Preservationists come to AstoriaJohn GoodenbergerJOHN GOODENBERGER, president of the Lower Columbia Preservation Society, and DAVID PEARSON, president of the Astoria Historic Landmarks Commission and a curator at the Columbia River Maritime Museum, are part of a select group of participants attending an upcoming program designed for community leaders who are in a position to influence preservation activities in their states, regions, towns and neighborhoods. The week-long institute takes place in historic Astoria from June 5 to 12. The city will serve as a "living laboratory," where participants will study issues related to Astoria's remaining early-20th century waterfront buildings and make recommendations for their future use and preservation.
The workshop is co-sponsored by the National Trust for Historic Preservation and the Oregon Parks and Recreation Department, Historic Preservation Division. It is made possible by assistance from the city of Astoria. Additional support has been provided by Astoria's Builder's Supply, the Bank of Astoria, Crandall Arambula, P.C., ShoreBank Pacific Companies and the Lower Columbia Preservation Society.
A reunion with Betty Phillips, who played the piano at Fiddler's Green and Cafe Uniontown for 20 years, will begin at 7 p.m. with a no-host dinner June 12 at the Cafe Uniontown. Call 325-8708 for reservations.
Rae Goforth, reunion organizer, says, "Bet she'll play a few tunes for a sing along. If not for dinner, come on in and wish her well."
Astoria artist BILL DODGE, below, is one of more than a dozen Sunday Market participants who have signed contracts with
Dreamworks SKG to appear in the movie The Ring II, in a carnival scene which will be filmed Tuesday, Wednesday and Thursday at St. Mary's Catholic Church in Chinook, Wash. Dodge will feel right at home on the movie set - he was actually born on one at the Charlie Chaplin Studios in Hollywood Feb. 21, 1934. Dodge's dad was a member of the famous film star's lighting crew at the time.
"Mom went to the studio to pick up Dad from work," Dodge explains, "and he was late and I was early!"
Dodge's movie exposure didn't end there. As an aspiring young actor, he was spotted by Universal-International Studio talent executives in a Los Angeles production of the Broadway hit, "Stalag 17," and given a screen test along with another young man. The other actor got the contract and was promptly renamed Troy Donahue.
"Just think," Dodge laughs, "there but for a serious lack of real acting talent on my part, I could have been Troy Donahue."
They're hauling out the sets and sprucing up the costumes - "Shanghaied in Astoria" is getting set to open July 8, sponsored this year by a $2,500 donation from U.S. Bank.
U.S. Bank Manager Cindy Johnson (second from left) presents a $2,500 donation check to Astor Street Opry Company President Pam Stoutenburg. Also pictured are U.S. Bank public relations officer Julie Richert and "Shanghaied in Astoria" creator and director Del Corbett."U.S. Bank is very proud to sponsor the 20th anniversary season of 'Shanghaied in Astoria,'" said Astoria District Manager Cindy Johnson. "Our bank has been committed to supporting the arts in the Astoria community since we opened our first branch here in 1937. In 2004, we will be giving more than $65,000 in cash awards to nonprofits in the Columbia Pacific Region. About one-quarter of that will support various arts organizations, including the Astor Street Opry Company's 20th anniversary production of 'Shanghaied in Astoria.' We recognize the arts are a critical part of a healthy, well-rounded community, and because we live and work here, we have a vested interest in supporting the organizations like Astor Street Opry Company."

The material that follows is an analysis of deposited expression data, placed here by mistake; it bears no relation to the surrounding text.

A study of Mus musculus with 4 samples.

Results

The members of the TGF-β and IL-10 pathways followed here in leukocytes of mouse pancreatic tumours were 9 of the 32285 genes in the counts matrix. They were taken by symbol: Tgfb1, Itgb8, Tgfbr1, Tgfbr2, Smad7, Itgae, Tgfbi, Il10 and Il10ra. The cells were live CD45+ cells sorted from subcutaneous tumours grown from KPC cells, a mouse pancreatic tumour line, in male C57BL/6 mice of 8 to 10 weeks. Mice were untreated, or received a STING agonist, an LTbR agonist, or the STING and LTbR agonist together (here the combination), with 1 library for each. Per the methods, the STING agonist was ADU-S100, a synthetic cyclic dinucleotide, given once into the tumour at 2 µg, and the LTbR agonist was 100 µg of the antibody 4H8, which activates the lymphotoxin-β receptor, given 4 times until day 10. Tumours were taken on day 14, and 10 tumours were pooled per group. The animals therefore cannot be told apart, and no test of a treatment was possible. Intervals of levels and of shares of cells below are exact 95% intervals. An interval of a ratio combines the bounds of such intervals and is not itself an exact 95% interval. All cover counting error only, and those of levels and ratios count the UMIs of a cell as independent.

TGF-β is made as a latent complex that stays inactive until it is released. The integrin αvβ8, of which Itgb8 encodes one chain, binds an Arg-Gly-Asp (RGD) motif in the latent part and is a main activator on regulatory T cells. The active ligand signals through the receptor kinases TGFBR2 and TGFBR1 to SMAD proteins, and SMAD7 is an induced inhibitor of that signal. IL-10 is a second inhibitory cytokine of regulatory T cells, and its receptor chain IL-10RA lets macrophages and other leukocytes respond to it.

"Shanghaied" will be performed at the Finnish Meat Market, 279 W. Marine Drive every Thursday, Friday and Saturday through Sept. 11, with three Sunday matinees. Call 325-6104 for tickets to this "history-making, popcorn-throwing, community-supported event." Watch for special events throughout the season welcoming returning cast members from the past 20 years.
The Seaside Rotary Club is at again, supporting children and schools.
It started when Rotarian Stewart Martin, also a chess coach at Nehalem Elementary, boughtLeft to right: Seaside Rotarians, President Doug Dougherty, President-elect Don Wickersham, board member Stuart Martin and third-grade teacher Dan King his "no fine" badge allowing him to promote his cause without being fined by the club. He used it to explain to fellow Rotarians how the Seaside Heights third grade classes are trying to learn chess on fraying cardboard boards, with flimsy plastic pieces and little in the way of materials or books. The Rotarians quickly dug into their pockets, and in two meetings raised $300. Martin used his wholesale scholastic connection to order 20 tournament size chess sets, vinyl roll-up boards and zipper pouches. The Rotarians also funded a large demonstration chess board, on which third grade teacher and chess coach Dan King can show moves and tactics to the entire class. The Rotarians also provided a complete set of chess materials - worksheets, special games, puzzles and tactics. And they gave two German-made chess clocks, to practice chess tournament play.
Send us your ears! If you have an item for In One Ear, send it to Patrick Webb, Managing Editor, The Daily Astorian, P.O. Box 210, Astoria OR 97103 or e-mail email@example.com. Include a daytime phone number for follow-up calls.